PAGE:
Potter College News
Kentucky Museum launches SpiritFunder to support Carrie Burnam Taylor Collection
- Tiffany Isselhardt
- Tuesday, October 27th, 2020
"Did you know Dr. Sallye R. Clark? Our late colleague, mentor, and friend, Dr. Clark was integral to researching the historic costumes held by the Kentucky Museum."
So begins the Kentucky Museum's latest fundraiser, which seeks to support the conservation, research, and display of the Mrs. A. H. Taylor Collection. Originally researched by the late Dr. Sallye R. Clark, a professor of textiles and clothing at WKU, the collection is now a major project for Dr. Carrie Cox (Assistant Professor of Fashion Merchandising) and her students in partnership with the Kentucky Museum's Collections Curator/Registrar, Sandy Staebell.
The collection focuses on 19 garments produced by an incredible female entrepeneur. Born in 1855, Carrie Burnam Taylor dreamed of a dress-making empire, which she realized in founding the Mrs. A. H. Taylor Company. Her custom dress-making company grew from Taylor’s in-home studio to a factory in downtown Bowling Green that employed over 300 women, providing a model of female entrepreneurship and high style at a time when women were expected to remain wives and mothers. Her story is crucial to understanding gender norms, entrepreneurship, and fashion in the late 19th and early 20th century while inspiring future female entrepreneurs.
The garments are complemented by holdings of WKU's Department of Library Special Collections, which contains numerous account books and documents from Taylor's company. Some of these documents, and the Trousseau dress worn by Ibbie Beard, were recently featured in the exhibition Out of the Box, where Cox first interpreted the collection in partnership with Dr. Whitney Peake (Department Chair, Vitale Professor of Entrepreneurship, and Associate Professor of Management in the Gordon Ford College of Business).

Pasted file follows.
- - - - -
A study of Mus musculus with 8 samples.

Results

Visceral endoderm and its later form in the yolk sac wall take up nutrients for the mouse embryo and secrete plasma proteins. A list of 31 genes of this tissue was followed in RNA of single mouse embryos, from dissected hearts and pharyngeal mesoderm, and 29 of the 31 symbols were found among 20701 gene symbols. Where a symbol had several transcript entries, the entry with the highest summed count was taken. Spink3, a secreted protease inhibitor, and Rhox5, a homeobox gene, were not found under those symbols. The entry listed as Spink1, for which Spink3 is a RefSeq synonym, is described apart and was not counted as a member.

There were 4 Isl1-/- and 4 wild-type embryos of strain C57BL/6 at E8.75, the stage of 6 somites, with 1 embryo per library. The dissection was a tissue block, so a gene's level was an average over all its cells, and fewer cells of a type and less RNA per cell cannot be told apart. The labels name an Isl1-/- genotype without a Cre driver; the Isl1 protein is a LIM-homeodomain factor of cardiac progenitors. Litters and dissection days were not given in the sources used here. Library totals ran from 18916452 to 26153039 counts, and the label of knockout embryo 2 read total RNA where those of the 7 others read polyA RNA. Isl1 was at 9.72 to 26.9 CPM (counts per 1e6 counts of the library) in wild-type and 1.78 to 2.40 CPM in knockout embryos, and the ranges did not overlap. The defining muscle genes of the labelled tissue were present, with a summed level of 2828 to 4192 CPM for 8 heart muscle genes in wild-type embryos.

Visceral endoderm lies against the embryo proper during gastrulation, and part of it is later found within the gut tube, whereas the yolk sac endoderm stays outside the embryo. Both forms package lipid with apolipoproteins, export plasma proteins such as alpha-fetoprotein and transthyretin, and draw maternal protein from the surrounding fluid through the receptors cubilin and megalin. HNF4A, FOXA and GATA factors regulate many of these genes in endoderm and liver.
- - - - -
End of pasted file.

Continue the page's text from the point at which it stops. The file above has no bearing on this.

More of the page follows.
In 2021, the Kentucky Museum is expanding this research into an exhibition of garments, documents, and other artifacts from Mrs. A. H. Taylor's life and work. Dr. Cox and her students are researching, documenting, and contextualizing this collection. Students in Dr. Cox's IDFM 332 class this fall are completing presentations on turn-of-the-century etiquette, footwear, accessories, hairstyles and millinery, advertising, social issues, entrepreneurship, education, recreation, economics, designers, and employment that will inform the exhibit. Additionally, in Winter term 2021, Dr. Cox will teach FACS 598, Textile Conservation & Display, that will feature video presentations by consulting conservators Colleen Callahan and Newby Richardson as they conduct an on-site assessment of the Taylor collection. Additional classes have undertaken close studies of the garments, looking at topics such as construction and fiber analysis, and the collection has been featured in student research projects such as Janice Center's 1977 Master's Thesis and Theresa Jureka' 1983 Master's Thesis.
Through the SpiritFunder, the Kentucky Museum and Dr. Cox hope to raise $9,590 to support the exhibition, with additional donations supporting conservation of the collection.
Gifts made be made online here or by check to:
Attn: Tiffany Isselhardt
1906 College Heights Blvd. #1906
Bowling Green, KY 42101
Every gift will be considered a co-adoption of the Taylor Collection, recognized both in the exhibit and in records related to the Taylor Collection alongside other adopters. All funds raised will help purchase high-quality cases, produce labels and graphics, and undertake conservation work on the garments to ensure their display and future study by WKU students.
The campaign runs through November 26, 2020.
About the Kentucky Museum
The Kentucky Museum celebrates all aspects of South-Central Kentucky’s art, history, and culture. “Kentuckians need to know Kentucky” was the museum’s earliest conceptual framework, which took shape in the eyes of WKU’s founding president Henry Hardin Cherry. Today, we are a steadfast educational campus partner helping to inspire innovation, elevate community, and transform the lives of our students and the community.